CHIEF JUSTICE Warren E. Burger is not known as a judicial activist and the Burger Court is not conventionally thought to be an activist court. But the methodology of Burger's opinion Tuesday for an 8-to-1 court in the Bob Jones Univercase, combined with the rationale of several other recent decisions, gives the federal judiciary a creative license with unlimited possibilities for the exercise of judicial power.

In the Bob Jones case, the court ruled that the Internal Revenue Service may deny tax-exempt status to racially discriminatory private schools even though Congress never authorized the practice. Burger said the IRS had been carrying out the policy since 1970. Congress knew about it and raised no objections, he said. It acquiesed.

That, he said, is tantamount to approval. Apparently the court believes Congress approves of anything it doesn't disapprove of.

A large proportion of the controversies in the federal judiciary are, like Bob Jones, questions of congressional intent. They are in the courts because Congress ducks important questions in many statutes and leaves out crucial details, sometimes because it cannot -- or doesn't want to -- agree on them. Under the rationale of Bob Jones, Congress' failure to act becomes the act itself. If Congress doesn't say "no," the answer is "yes."

Liberals who approve of the Bob Jones opinion should look at one of the prior cases cited by Burger in support of the Jones ruling to understand that it's a two-edged sword. That 1981 case, Haig v. Agee, upheld the revocation of the passport of former CIA agent Philip Agee for traveling around the world exposing purported CIA agents. It gave the government discretion to deny travel abroad to citizens it believes threaten the national security or U.S. foreign policy.

Burger acknowleged there, as he did in Bob Jones, that Congress had not "in so many words" empowered the secretary of state to do what he did. But, he said, Congress didn't specifically act to deny him that authority. So it must be all right.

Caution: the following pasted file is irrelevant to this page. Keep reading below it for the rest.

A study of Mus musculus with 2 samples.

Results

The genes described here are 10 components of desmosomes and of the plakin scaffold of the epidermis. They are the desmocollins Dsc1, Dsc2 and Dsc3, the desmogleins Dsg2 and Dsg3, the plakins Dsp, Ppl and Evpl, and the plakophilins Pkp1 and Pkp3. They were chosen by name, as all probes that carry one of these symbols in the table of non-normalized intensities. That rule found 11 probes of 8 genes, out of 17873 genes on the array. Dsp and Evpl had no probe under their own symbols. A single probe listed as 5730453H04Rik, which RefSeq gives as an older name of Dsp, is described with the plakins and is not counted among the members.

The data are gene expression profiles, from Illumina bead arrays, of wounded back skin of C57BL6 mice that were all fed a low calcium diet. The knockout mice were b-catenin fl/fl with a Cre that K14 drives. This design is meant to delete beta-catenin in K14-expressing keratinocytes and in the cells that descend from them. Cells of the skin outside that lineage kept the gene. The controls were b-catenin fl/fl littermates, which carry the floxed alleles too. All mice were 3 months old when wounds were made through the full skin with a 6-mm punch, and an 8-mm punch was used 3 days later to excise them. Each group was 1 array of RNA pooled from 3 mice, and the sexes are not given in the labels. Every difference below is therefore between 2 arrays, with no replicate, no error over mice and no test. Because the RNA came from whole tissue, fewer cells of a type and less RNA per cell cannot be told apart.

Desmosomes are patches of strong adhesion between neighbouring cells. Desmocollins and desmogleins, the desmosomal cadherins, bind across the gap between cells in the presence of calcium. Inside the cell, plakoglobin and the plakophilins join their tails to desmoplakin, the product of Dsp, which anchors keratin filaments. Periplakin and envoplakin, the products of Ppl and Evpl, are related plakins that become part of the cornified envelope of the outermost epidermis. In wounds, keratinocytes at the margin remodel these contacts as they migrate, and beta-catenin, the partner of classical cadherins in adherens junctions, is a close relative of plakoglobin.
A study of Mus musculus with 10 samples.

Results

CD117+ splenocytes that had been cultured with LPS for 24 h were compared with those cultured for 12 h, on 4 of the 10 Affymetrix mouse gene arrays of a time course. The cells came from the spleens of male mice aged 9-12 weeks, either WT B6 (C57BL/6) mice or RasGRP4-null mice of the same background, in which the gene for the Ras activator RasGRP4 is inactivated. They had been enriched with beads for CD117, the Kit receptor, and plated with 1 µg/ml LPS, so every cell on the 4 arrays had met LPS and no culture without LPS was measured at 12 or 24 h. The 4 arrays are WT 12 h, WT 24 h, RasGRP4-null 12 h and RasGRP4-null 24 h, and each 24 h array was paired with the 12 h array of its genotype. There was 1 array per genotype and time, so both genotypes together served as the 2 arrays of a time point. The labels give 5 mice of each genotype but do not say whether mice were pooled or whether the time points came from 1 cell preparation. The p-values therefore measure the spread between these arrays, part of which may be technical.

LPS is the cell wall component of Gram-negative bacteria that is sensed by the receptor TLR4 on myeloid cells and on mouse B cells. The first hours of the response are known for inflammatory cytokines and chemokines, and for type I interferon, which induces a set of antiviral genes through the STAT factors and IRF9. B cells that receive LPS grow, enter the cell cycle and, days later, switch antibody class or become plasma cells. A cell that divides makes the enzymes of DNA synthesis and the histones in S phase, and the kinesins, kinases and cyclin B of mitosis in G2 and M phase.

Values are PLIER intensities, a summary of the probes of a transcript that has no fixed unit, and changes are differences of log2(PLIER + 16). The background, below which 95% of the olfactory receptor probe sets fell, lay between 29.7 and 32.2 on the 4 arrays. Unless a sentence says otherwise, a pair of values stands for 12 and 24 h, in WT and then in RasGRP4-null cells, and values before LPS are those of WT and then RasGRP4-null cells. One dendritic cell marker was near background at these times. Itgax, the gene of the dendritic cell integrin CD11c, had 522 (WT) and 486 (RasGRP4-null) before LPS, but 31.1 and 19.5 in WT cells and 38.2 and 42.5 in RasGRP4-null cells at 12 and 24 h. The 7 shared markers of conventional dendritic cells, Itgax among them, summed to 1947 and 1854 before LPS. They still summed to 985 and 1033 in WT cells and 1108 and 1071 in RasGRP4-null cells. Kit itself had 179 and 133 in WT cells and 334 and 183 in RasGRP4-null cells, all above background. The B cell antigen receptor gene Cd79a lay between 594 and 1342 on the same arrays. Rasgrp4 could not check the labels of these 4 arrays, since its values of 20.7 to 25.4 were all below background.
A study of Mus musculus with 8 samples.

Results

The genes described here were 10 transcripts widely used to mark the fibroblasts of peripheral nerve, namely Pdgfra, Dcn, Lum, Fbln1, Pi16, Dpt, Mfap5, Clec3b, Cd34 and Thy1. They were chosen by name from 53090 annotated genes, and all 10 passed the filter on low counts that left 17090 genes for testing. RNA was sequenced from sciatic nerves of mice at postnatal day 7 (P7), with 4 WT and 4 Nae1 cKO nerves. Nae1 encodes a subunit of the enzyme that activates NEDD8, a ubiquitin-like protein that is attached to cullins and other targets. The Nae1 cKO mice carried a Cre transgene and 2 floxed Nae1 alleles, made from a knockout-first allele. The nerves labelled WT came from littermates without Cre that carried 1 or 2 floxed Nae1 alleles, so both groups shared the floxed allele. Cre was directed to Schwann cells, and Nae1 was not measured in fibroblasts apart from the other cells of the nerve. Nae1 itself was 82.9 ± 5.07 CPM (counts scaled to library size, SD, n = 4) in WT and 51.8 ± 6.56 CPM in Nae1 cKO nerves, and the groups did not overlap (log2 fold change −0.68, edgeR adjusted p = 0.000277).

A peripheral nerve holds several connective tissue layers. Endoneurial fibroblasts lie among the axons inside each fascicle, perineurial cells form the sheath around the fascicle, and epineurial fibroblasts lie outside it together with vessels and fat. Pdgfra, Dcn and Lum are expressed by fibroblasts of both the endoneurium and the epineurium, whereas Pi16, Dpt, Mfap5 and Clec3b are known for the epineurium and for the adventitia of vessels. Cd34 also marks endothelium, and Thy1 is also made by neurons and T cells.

In fairness to Burger, it was crucial to the Bob Jones ruling that various congressional committees over the years had rejected a number of bills to stop the IRS from denying the tax exemptions. "Non-action by Congress is not often a useful guide," he said, "but the non-action here is significant."

Justice Lewis F. Powell Jr. was clearly uncomfortable with the approach, though he could not bring himself to vote with a racist college. In the future, Powell said in a statement concurring with Burger's opinion, "these questions should be legislative policy choices. . . . The contours of public policy should be determined by Congress, not by judges or the IRS."

Justice William H. Rehnquist, usually a Burger ally, was the lone dissenter. Considering the fact that Congress knows how to amend the tax law when it wants to, Rehnquist wrote, "this Court has no business finding that Congress has adopted the new IRS position by failing to enact legislation to reverse it."

If your ox wasn't gored on Bob Jones or Haig v. Agee, try Merrill Lynch v. Curran last May, another precedent cited by Burger in the Bob Jones case. The question there was whether purchasers and sellers of futures contracts could sue futures traders and brokers for fraud under the Commodity Exchange Act. It was an important question Congress had never answered.

This time it was Justice John Paul Stevens acknowledging the congressional silence. But he said in a 5-to-4 decision that lower federal courts had "routinely and consistently" recognized the private right to sue under the commodities law. Congress, on the many occasions it revised the law, was aware of those court rulings and did nothing to overrule them, he said. Therefore, Congress approved.

Stevens opinion drew a lengthy dissent written by Powell. The decision, the dissenters said, "is disquieting because of its implicit view of the judicial role in the creation of federal law. The Court propounds a test that taxes the legislative branch with a duty to respond to opinions of the lower federal courts. The penalty for silence is the risk of having those erroneous judicial opinions imputed to Congress itself. . . . This view is inconsistent with the theory and structure of our constitutional government," Powell wrote. Burger was among those joining him.